Wednesday 22 November 2017

How the United States managed to trigger the latest global panic

Wall Street woe:
A trader works
on the floor of
the New York
Stock Exchange
Wall Street woe: A trader works on the floor of the New York Stock Exchange

Sean O'Grady

So here we are. The debt endgame. The reckoning. The pain postponed is about to be endured. The world's three largest economic blocs -- the US, the eurozone and Japan -- have one thing in common.

No, two things in common. First that their debts are unsustainable long term. Second, that their political systems are incapable of dealing with them.

Governments have run out of road to bail out stricken banks and economies, and with that goes their ability to protect our savings and our livelihoods.

And if the US can't bail out the rest of the world, whom do we turn to? Mars? In the circumstances, some degree of panic is understandable, indeed rational.

Maybe the best way to understand the current crisis is to think of how we got here. It is a story of debts postponed and migrating on an epic scale.

For debts don't go away; they just move around. As we now see, the first credit crunch in 2007-08 had its origins in the American real estate market.

Huge sums were lent to homeowners who had only a slim chance of repaying their debts. As the economy slowed their losses mounted.

In America, distressed homeowners handed their keys in and walked away from their debts (in a way they cannot here). So the loans migrated from homeowners to banks.


Those losses spread through the world's financial system, as the original loans had been spliced into new securities, the notorious mortgage-backed securities.

Apart from the infamous case of Lehman Brothers, and in part because of it, the authorities opted not to let more banks go to the wall but to nationalise them to keep them going.

So homeowners' losses that had moved to the banks' books moved to national treasuries, and taxpayers.

Those national treasuries decided to spend and borrow their way out of the second great depression.

The recession that followed was severe enough to depress trade and wages and added to unemployment. It scaled up banks' bad debts and government deficits.

Two bursts of inflation caused by bad weather, poor food harvests and demand for raw materials from China added to the problems by sucking spending power out of the West.

The US Treasury has spent trillions of dollars on rescuing its own financial institutions, trying to keep the world economy moving and, as the major contributor to the IMF, helping other countries to stay afloat.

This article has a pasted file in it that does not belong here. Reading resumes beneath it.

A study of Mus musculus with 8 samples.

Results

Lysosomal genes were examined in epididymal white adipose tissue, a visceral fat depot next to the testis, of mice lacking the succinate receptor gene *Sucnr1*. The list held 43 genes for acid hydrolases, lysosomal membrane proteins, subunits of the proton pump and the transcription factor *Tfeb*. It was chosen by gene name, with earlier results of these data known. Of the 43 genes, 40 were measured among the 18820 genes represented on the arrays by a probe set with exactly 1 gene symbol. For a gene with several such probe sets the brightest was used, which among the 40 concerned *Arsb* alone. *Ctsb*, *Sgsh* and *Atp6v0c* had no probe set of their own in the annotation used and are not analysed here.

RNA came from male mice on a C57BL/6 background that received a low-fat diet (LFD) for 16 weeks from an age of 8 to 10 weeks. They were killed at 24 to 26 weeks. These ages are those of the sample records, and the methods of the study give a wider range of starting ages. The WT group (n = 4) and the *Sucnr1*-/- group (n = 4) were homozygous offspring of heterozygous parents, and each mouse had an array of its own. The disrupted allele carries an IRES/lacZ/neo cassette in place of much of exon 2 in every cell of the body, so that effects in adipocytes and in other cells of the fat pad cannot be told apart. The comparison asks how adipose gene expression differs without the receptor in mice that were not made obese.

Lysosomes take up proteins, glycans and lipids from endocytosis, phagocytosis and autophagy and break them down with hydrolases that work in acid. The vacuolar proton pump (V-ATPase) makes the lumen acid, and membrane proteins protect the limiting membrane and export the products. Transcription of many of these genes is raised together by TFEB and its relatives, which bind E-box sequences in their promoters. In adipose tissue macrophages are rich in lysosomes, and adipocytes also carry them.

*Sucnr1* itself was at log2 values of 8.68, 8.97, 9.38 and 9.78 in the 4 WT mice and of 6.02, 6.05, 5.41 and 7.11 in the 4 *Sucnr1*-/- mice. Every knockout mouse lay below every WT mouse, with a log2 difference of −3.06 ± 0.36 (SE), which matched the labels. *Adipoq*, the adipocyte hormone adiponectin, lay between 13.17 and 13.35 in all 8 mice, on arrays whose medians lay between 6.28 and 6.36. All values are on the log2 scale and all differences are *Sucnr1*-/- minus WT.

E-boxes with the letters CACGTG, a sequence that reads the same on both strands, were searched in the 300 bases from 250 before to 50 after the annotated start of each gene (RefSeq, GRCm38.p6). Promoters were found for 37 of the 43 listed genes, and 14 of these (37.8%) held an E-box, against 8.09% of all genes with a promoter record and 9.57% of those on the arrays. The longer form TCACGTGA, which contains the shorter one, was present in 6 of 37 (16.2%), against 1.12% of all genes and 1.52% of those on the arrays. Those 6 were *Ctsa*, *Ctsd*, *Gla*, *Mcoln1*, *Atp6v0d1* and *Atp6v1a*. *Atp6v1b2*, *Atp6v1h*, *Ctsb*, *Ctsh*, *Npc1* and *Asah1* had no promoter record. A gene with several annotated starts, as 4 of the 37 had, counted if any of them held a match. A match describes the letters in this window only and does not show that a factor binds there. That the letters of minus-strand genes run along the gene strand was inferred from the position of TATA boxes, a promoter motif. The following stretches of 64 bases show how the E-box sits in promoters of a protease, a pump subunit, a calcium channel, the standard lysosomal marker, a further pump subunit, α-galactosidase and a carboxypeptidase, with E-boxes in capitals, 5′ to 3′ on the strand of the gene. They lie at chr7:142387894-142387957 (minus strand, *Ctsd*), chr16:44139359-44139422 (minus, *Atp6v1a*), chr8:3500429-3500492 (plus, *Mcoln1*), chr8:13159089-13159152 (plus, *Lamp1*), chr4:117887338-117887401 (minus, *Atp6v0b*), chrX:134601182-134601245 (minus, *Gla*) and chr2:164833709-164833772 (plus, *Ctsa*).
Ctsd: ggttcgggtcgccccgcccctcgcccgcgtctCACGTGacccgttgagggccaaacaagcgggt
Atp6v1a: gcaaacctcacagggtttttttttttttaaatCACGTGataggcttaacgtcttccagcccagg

Even if the US had never done any of those things, its debts would have been impressive -- in a bad way.

The surprise is not that one of the ratings agencies has downgraded America, but that it took them so long.

Most economists agree that when a national debt hits 90pc of national income, an economy starts to enter a sort of death spiral.

America is not far off that point, and may even have passed it, as Greece and others did. Which bring us to the eurozone. Even had the world carried on growing, the peripheral nations would have encountered difficulties.

When Greece, Ireland and Portugal needed help, Germany took on the lion's share, but Spain and Italy chipped in too. Now it all falls to Germany, and it is beyond its means.

Sane answer

The only sane answer is for the eurozone to europeanise its debts. Taken together the burden is manageable.

"Euro bonds" mean higher interest bills for Germans, Finns, Dutch and other solvent peoples, and that is unfair. But in a world of unpleasant alternatives that is the only way forward.

We are witnessing and living through a massive redistribution of income and wealth eastwards -- to China, India and the other emerging economies. The counterpart of the West's debts is the East's wealth -- trillions of dollars in reserves.

Two-thirds of the $3 trillion America owes privately and publicly "belongs" to China. This, the great "global imbalance" of the 21st century, sowed the seeds of the current crisis.

The money the Chinese lent to pay for their exports went into real estate and speculative bubbles in the US especially, but also in the UK, Ireland, Iceland, Spain and elsewhere.

These bubbles directly led to the bust. Now it is up to the world's great creditor powers -- China, the oil-rich Gulf states and Germany -- to recycle those surpluses, to spend and lend to help others, and themselves, if they wish to avoid a collapse in their markets.

China says it wants a new world reserve currency. It can have it -- its own, the yuan. That should be its own, freely traded and freely floating.

All eyes are on Washington and Brussels and a G7 summit in September; they should be focused on Beijing.